Two harvests have past since I executed my best friend. Twenty-four Tellings. Twenty-four times I’ve had to walk into the room where Tyrek was dragged from and take the poison that made it possible for my touch to kill him. I’ve killed thirteen traitors, including the men today and Tyrek, in those twenty-four moons. For Lormere. For my people. For my Gods.
For I am Daunen Embodied, the reborn daughter of the Gods …
(The Sin Eater’s Daughter, Melinda Sailsbury, P14.)
Twylla believed she would become the Sin Eater. It would have been her job to decide whether to grant absolution to the dead, by tasting their sins in a mysterious ceremony. Instead she became the living embodiment of Daunen, daughter of the Goddess Naeht and her husband Daeg – Night and Day, dark and light.
As Daunen Embodied, Twylla lives in the castle. Born a peasant, she is now a Goddess. This comes at a price. Once a month, Twylla drinks poison to prove to the population that the Gods can be merciful. Her skin becomes poisonous – she lives her life under guard, not for her own protection, but for the protection of others. After she drinks poison, she executes the Queen’s enemies. As the Gods give life, so they take it. The people of Lormere live in obedient hope and fear.
People are afraid to come near Twylla, afraid one touch will kill them. This is a metaphor for the state of the court – people tiptoe around the Queen, afraid they will upset her and be sentenced to death. The book is full of clever imagery – the Queen’s Grandmother, for example, reintroduced execution by hunting dogs. After her death, the dogs turned on her and savaged her body. Like Twylla, the dogs were weapons with minds of their own. Another interesting example is how Twylla would rather embroider wildflowers than the sun and moon of religious imagery.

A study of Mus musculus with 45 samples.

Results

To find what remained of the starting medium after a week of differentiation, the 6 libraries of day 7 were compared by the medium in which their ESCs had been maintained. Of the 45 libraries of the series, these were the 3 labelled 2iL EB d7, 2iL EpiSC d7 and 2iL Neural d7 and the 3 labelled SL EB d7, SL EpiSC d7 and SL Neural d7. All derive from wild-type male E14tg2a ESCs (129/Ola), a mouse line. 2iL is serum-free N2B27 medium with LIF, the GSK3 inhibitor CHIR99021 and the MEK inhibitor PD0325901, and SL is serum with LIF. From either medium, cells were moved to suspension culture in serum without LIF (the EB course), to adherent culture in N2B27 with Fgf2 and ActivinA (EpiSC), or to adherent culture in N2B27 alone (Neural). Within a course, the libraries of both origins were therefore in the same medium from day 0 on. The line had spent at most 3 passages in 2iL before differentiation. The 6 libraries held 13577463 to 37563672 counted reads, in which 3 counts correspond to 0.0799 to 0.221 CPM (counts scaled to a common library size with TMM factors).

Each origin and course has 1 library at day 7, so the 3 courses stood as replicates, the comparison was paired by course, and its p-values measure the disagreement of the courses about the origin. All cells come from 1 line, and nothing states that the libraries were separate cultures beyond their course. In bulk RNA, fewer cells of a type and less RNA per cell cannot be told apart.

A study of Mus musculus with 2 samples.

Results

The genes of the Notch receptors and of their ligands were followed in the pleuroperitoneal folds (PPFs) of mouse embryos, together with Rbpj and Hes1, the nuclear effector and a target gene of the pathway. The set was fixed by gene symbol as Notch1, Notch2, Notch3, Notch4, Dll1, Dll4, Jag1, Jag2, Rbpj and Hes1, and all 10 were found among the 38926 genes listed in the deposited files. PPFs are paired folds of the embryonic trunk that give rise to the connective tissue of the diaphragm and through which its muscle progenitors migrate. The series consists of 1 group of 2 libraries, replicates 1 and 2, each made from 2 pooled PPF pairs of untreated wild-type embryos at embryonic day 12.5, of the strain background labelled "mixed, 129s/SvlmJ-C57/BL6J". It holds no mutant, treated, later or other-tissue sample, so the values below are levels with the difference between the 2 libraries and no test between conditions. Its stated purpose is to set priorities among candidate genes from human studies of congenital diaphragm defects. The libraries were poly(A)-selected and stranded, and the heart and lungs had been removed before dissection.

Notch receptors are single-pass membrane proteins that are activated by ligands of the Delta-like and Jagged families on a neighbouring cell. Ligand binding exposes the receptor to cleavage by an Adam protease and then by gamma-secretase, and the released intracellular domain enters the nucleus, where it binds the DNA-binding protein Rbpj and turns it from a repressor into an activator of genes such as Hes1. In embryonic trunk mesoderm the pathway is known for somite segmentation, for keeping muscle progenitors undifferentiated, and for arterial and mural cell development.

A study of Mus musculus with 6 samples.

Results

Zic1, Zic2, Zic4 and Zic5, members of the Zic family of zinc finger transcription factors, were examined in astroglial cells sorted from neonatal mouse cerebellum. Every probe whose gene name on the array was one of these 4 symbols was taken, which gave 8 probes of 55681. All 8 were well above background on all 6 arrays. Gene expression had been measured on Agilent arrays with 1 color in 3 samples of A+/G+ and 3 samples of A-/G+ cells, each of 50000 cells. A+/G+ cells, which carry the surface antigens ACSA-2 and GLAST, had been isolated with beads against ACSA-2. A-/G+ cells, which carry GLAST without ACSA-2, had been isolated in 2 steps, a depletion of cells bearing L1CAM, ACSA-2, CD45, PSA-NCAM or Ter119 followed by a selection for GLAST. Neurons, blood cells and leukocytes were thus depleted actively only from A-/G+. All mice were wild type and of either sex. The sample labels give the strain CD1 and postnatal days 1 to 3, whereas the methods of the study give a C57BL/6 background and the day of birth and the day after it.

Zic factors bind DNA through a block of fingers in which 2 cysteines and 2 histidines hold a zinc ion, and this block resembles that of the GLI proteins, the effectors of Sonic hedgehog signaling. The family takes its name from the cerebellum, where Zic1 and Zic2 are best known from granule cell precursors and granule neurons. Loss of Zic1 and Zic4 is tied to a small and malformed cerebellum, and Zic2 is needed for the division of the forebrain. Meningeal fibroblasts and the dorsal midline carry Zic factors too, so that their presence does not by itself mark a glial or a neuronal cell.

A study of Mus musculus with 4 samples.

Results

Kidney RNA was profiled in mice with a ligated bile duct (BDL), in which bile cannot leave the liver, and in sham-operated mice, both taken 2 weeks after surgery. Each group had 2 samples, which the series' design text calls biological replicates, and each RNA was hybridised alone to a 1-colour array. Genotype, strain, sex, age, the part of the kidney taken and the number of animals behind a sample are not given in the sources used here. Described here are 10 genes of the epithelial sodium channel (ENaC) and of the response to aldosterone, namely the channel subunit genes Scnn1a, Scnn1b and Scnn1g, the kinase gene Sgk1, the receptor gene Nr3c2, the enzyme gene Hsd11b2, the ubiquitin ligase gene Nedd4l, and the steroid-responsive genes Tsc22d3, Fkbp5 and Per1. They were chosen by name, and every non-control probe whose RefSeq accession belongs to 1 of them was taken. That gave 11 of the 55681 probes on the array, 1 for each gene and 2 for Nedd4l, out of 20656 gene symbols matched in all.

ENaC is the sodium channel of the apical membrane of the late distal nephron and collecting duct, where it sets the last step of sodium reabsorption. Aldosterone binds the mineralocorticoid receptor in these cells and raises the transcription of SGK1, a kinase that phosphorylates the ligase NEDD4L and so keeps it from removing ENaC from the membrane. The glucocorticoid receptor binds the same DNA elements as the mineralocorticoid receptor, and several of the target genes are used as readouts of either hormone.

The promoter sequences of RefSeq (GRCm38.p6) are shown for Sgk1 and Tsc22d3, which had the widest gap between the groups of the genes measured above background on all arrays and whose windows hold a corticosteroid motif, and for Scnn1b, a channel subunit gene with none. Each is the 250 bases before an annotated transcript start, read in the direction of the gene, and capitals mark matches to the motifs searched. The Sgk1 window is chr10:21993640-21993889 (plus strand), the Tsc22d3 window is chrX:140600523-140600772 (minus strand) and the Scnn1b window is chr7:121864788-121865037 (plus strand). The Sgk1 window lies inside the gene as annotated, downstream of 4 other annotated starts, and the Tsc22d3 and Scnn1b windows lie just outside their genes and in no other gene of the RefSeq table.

Royals in Lormere usually marry their siblings, a fact complicated by the death of the Queen’s daughter. Twylla has been engaged to Prince Marek since she took on the role of Daunen Embodied, but now she is more interested in Lief, the guard who sees past her role to the girl she might otherwise be. Marek is an interesting character – used to having what he wants, he wants to marry Twylla regardless of her feelings. He is also interested in the science and politics of Tregellian – the country where Lief was born, whose alchemic secrets the Queen would like to know …
Most people who have reviewed the book love Twylla, and pity her for the role she must perform. I thought she was brilliantly constructed, and like her as a character. Her thoughts about every aspect of the story develop and change, and her backstory is worked in so the reader understands how she came to be in this situation and why she makes certain choices. As a person, however, I found her self-centred and frustrating. At one point, she realises how her behaviour impacts on other people, then says she deserves to marry the person she likes less, as if her self-pity is still her only consideration. I am interested to see how she develops across the series, and whether my feelings towards her change.
There are some fascinating themes, including what happens when religion is used for political gain, and the importance of making our own choices. I also like the echoes of folklore throughout the narrative. The significance of trees is one example. If a soul is not granted absolution, it is said to drift to the West Woods. Trees are commonly seen in folk tales as gateways to other worlds. There is also a strange tale from Tregellian, about a Prince who has slept for five hundred years, who can only be woken in specific circumstances. The narrative is rooted in tradition, but brought up to date with themes relevant to the current climate. This is what I like best about it, and I look forward to seeing how the series develops.